According to Symantec’s Internet Security Threat Report 2014, ransomware threats, which first hit cyberspace in 2012, grew by 500 percent last year. The goal behind these exploits is exactly as it sounds: Attackers deny users access to their data unless they pay a ransom, at which time they receive a decryption key.
These attacks are generally in the form of phishing emails: Users are invited to either click on a link or download a file, which then infects their systems. Symantec reports that the ransom requests are, on average, between $100 and $400. If you don’t pay before the deadline, the price increases.
Robert Siciliano, identity theft expert at San Francisco-based BestIDTheftCompanys.com and author of 99 Things You Wish You Knew Before Your Identity Was Stolen, notes that SMBs are prime targets for ransomware attacks: They’re for-profit (and thus, have access to funding), they stand to lose a lot if their or their clients’ data is stolen, and they generally don’t have the resources to fight back. So many pay the fee, something Siciliano cautions against. “It’s never a good idea to pay the ransom because you’re funding bad guys, which could mean you’re buying tires for their Benz or funding a terrorism operation,” he says.
Paying up also doesn’t guarantee that the victim will receive a decryption key, although in many cases they do, says Bob Weiss, CEO and chief technician at WyzGuys (a trademark of WyzCo Group LLC), an IT services firm based in Bayport, Minn. Even so, there is no way of knowing that the decrypted data isn’t otherwise infected. “Any affected systems, as far as I’m concerned, need to be completely cleansed, which means you wipe that drive and start over, because you just don’t know what they’ve left behind.”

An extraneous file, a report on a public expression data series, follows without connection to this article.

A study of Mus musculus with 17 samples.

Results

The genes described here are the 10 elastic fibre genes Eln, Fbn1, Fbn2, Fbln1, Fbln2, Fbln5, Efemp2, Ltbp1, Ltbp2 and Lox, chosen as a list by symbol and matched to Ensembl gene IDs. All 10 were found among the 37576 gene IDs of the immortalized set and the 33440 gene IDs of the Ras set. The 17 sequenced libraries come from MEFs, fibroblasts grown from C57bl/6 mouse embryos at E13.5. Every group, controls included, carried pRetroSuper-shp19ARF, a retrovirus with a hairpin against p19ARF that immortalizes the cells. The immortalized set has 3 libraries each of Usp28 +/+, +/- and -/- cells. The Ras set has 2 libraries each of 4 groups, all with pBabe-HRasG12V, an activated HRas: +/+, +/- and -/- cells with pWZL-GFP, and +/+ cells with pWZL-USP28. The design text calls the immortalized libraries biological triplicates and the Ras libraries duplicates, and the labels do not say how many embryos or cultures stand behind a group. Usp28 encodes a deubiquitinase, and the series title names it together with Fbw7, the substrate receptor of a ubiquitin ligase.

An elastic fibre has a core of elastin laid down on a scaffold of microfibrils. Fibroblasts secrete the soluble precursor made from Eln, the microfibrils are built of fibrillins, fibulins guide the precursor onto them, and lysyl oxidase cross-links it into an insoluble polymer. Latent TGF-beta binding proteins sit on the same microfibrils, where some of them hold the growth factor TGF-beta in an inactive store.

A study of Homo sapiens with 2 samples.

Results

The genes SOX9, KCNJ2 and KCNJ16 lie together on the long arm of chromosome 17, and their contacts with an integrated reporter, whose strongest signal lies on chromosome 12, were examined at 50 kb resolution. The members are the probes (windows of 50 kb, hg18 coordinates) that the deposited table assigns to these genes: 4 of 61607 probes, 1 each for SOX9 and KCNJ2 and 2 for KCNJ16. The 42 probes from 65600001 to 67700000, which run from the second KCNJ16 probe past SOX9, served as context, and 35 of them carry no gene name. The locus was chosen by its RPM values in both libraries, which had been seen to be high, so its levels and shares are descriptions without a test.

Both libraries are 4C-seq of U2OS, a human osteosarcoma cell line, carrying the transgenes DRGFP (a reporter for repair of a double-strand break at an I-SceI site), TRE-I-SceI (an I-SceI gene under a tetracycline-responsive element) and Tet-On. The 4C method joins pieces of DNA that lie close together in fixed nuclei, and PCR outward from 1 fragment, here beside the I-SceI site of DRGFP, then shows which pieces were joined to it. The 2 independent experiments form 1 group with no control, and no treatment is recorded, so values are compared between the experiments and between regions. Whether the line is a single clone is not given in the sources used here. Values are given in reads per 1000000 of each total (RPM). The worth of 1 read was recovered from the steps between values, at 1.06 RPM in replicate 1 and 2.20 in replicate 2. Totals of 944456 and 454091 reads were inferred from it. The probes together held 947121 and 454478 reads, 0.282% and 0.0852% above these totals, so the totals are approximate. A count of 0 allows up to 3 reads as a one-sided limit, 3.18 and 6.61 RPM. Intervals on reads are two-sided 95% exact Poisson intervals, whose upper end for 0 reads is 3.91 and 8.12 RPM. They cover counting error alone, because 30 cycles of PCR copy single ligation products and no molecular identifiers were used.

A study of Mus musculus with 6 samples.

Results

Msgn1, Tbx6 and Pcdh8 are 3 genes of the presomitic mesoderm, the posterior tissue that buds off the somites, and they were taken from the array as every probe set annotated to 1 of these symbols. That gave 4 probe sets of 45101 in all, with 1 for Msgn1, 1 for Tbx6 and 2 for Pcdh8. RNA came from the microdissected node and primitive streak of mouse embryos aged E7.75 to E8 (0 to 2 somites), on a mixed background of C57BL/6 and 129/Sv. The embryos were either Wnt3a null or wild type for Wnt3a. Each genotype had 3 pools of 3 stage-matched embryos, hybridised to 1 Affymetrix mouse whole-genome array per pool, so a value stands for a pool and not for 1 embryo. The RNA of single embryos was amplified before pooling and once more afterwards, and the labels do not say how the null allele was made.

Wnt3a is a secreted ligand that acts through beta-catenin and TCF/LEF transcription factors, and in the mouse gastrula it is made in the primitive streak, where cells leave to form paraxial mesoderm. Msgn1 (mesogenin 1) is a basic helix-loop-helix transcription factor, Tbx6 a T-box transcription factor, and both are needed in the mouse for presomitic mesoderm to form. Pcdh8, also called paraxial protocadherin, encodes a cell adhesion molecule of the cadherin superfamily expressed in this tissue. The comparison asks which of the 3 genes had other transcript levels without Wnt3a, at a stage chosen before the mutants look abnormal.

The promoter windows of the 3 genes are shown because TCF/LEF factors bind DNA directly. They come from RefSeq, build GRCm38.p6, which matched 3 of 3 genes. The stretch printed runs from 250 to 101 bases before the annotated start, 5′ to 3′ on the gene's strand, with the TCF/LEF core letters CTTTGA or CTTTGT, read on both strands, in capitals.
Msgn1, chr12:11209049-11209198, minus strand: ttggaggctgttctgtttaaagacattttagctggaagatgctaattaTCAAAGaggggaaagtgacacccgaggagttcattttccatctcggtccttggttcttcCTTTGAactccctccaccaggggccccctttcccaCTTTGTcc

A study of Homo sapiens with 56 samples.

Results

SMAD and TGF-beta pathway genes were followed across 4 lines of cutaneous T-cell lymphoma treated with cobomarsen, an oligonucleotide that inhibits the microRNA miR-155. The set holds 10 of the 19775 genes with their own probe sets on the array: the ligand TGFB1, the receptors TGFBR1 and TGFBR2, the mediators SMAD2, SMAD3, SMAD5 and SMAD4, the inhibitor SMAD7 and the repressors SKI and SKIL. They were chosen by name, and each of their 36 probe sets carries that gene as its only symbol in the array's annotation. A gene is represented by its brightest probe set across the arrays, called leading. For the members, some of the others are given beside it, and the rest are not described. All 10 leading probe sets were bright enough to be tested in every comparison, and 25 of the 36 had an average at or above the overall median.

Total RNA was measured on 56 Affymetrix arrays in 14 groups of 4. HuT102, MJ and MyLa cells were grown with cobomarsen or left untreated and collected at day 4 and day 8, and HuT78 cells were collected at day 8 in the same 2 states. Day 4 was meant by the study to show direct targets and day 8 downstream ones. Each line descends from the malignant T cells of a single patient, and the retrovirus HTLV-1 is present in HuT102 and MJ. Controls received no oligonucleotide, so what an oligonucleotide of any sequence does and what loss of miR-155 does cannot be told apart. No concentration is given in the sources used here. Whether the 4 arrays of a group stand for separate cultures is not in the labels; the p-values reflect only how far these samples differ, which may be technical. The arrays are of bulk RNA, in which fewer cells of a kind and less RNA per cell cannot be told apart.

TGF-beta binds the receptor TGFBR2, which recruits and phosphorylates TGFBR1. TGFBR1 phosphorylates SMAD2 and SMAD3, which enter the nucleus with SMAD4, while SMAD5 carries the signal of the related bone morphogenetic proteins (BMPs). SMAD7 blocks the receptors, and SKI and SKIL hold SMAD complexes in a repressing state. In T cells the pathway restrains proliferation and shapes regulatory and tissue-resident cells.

Siciliano preaches prevention first, in the form of anti-virus, anti-spyware, and anti-phishing firewalls; regular updates on security patches; and employing a sound security policy when it comes to BYOD. “It’s becoming a much bigger problem, especially with Android devices. Android, as a work device, is exponentially more vulnerable than a BlackBerry or an iPhone because of the Android operating system,” he says. These devices require anti-virus software much like PCs, and he suggests that organizations adopt enterprise mobile management (EMM) systems to protect data stored on mobile devices.
Penetration testing—where an organization will hire a certified ethical hacker to analyze vulnerabilities within a company’s network—is another means of preventing a ransomware attack, Siciliano says. This can be valuable to an SMB, since the phishing emails that attackers send out often appear to be legitimate, even using the names and email addresses of colleagues in the headers. For channel pros, this provides the opportunity to offer training to clients on what to look out for—and what not to do—when presented with an email that appears to be legit … but may not be.
“We’re getting more heavily involved in doing formal education and training with our clients,” Weiss says. He also points clients toward tools such as VirusTotal.com, or simply has them direct any suspicious emails to him, so he can test them on his own sacrificial equipment.
At this point in time, channel pros are well-positioned to offer services such as those Weiss provides, simply because businesses remain extremely vulnerable to cybersecurity attacks. “Right now people are almost completely undefended,” Weiss says. “It’s very much like the Wild West. The bad guys have cooler and better tools, and really good software writers working for them. It makes it tough.”